It surprises many people that the most commonly performed medical procedure is not the eye exam, blood pressure reading or reflex tap. It’s the simple patient interview . As a procedure, a productive conversation between doctor and patient can tell us more than any scan or biopsy, more than any tap, culture or exam. Yet, as doctors, we often sense apprehension and discomfort during these all important talks, especially when the topic is pain.
Pain cannot be seen or quantified, making an interview the most accurate and timely way of monitoring our patients’ comfort. Pain, though, continually proves to be a difficult topic of discussion, and the issue of prescription opioid abuse has only compounded the difficulty. As doctors, we never want to imply that our patients are anything less than honest, upstanding and sincere in their desire for treatment, and we never want to sound presumptuous or accusatory. These concerns make speaking about opioid abuse challenging.
Conversely, it is our understanding that many patients assume that we suspect them of abuse, and so they underreport their pain. This is the worst thing they could do. Without an accurate picture of a patient’s pain we are helpless to provide them with the appropriate care.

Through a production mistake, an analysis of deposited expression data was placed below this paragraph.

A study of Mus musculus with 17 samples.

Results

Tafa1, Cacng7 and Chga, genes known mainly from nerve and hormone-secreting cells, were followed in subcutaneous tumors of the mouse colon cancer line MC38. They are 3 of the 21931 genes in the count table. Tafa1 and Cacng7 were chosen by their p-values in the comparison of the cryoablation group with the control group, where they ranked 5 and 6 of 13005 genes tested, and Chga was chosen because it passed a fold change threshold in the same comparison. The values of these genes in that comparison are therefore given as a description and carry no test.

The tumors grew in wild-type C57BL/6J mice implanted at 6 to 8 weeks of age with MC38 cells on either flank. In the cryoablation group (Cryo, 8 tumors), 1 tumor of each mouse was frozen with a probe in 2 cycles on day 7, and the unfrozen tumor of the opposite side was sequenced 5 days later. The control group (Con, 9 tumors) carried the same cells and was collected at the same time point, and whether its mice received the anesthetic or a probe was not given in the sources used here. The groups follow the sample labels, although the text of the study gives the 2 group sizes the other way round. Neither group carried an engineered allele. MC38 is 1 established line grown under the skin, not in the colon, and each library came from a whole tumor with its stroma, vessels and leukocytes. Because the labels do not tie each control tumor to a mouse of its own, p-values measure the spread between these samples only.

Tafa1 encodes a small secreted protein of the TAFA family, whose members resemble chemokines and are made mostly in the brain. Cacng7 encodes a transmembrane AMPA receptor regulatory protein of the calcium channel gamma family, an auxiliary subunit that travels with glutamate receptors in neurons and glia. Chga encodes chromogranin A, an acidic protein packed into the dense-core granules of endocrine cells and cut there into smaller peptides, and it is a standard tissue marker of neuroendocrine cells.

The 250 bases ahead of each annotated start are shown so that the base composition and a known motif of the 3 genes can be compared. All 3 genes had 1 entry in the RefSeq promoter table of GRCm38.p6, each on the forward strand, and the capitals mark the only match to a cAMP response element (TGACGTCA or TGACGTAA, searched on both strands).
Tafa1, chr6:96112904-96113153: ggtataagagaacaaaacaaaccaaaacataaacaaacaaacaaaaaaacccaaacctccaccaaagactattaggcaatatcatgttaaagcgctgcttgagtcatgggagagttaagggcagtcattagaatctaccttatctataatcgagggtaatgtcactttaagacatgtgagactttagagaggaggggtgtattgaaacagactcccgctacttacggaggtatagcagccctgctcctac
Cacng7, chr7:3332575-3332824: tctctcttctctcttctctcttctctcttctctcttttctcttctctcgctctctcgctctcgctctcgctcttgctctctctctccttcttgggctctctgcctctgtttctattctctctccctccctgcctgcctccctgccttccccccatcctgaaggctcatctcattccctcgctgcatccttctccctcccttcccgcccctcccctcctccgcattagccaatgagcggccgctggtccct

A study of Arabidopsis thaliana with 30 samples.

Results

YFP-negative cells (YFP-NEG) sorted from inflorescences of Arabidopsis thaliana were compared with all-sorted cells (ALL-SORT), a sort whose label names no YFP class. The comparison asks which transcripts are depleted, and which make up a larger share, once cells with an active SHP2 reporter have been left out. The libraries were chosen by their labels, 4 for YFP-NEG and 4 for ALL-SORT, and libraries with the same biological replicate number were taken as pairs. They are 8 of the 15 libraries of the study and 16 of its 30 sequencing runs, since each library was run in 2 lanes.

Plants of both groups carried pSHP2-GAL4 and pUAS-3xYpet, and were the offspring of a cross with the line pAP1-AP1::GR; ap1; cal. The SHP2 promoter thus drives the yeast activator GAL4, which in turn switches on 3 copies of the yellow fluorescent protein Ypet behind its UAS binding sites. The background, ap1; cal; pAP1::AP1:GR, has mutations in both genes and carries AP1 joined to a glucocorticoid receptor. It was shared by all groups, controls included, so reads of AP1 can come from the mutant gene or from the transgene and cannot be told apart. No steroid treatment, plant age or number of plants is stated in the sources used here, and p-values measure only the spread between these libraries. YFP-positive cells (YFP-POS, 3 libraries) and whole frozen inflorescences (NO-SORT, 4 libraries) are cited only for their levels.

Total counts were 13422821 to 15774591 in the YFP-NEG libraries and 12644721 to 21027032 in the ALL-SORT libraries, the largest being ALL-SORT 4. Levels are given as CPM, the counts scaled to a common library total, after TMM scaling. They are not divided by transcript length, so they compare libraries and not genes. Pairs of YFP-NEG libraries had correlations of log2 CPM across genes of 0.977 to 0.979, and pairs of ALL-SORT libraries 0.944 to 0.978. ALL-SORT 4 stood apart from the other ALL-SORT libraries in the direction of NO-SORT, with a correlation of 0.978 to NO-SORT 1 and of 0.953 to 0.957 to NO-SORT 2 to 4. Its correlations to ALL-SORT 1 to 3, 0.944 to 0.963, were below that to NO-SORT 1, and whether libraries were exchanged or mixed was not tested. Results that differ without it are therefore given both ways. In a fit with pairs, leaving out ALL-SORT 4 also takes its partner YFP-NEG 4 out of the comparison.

The solution to this multifaceted issue is not a simple one, but it begins by strengthening the relationships between the patients and the doctors. This will require work from both parties. Doctors must take an active interest in their patient’s life outside of the exam room. They should be a trusted advisor instead of a cold authority. Patients must surrender, more fully, their privacy. Complete and utter honesty will be the fastest route to exceptional care. The relationship between doctor and patient is ideally full of trust, compassion, and respect. From this foundation we can start to have more productive conversations about pain.
PainMatters.com provides information and resources for physicians and people affected by pain to help mitigate the risk of abuse and misuse and support ongoing dialogue. Practical discussion guides and a variety of downloadable resources are available for healthcare professionals in addition to a resource section specifically designed to support People Affected by Pain.
XXX serves as a paid consultant for Teva Pharmaceuticals.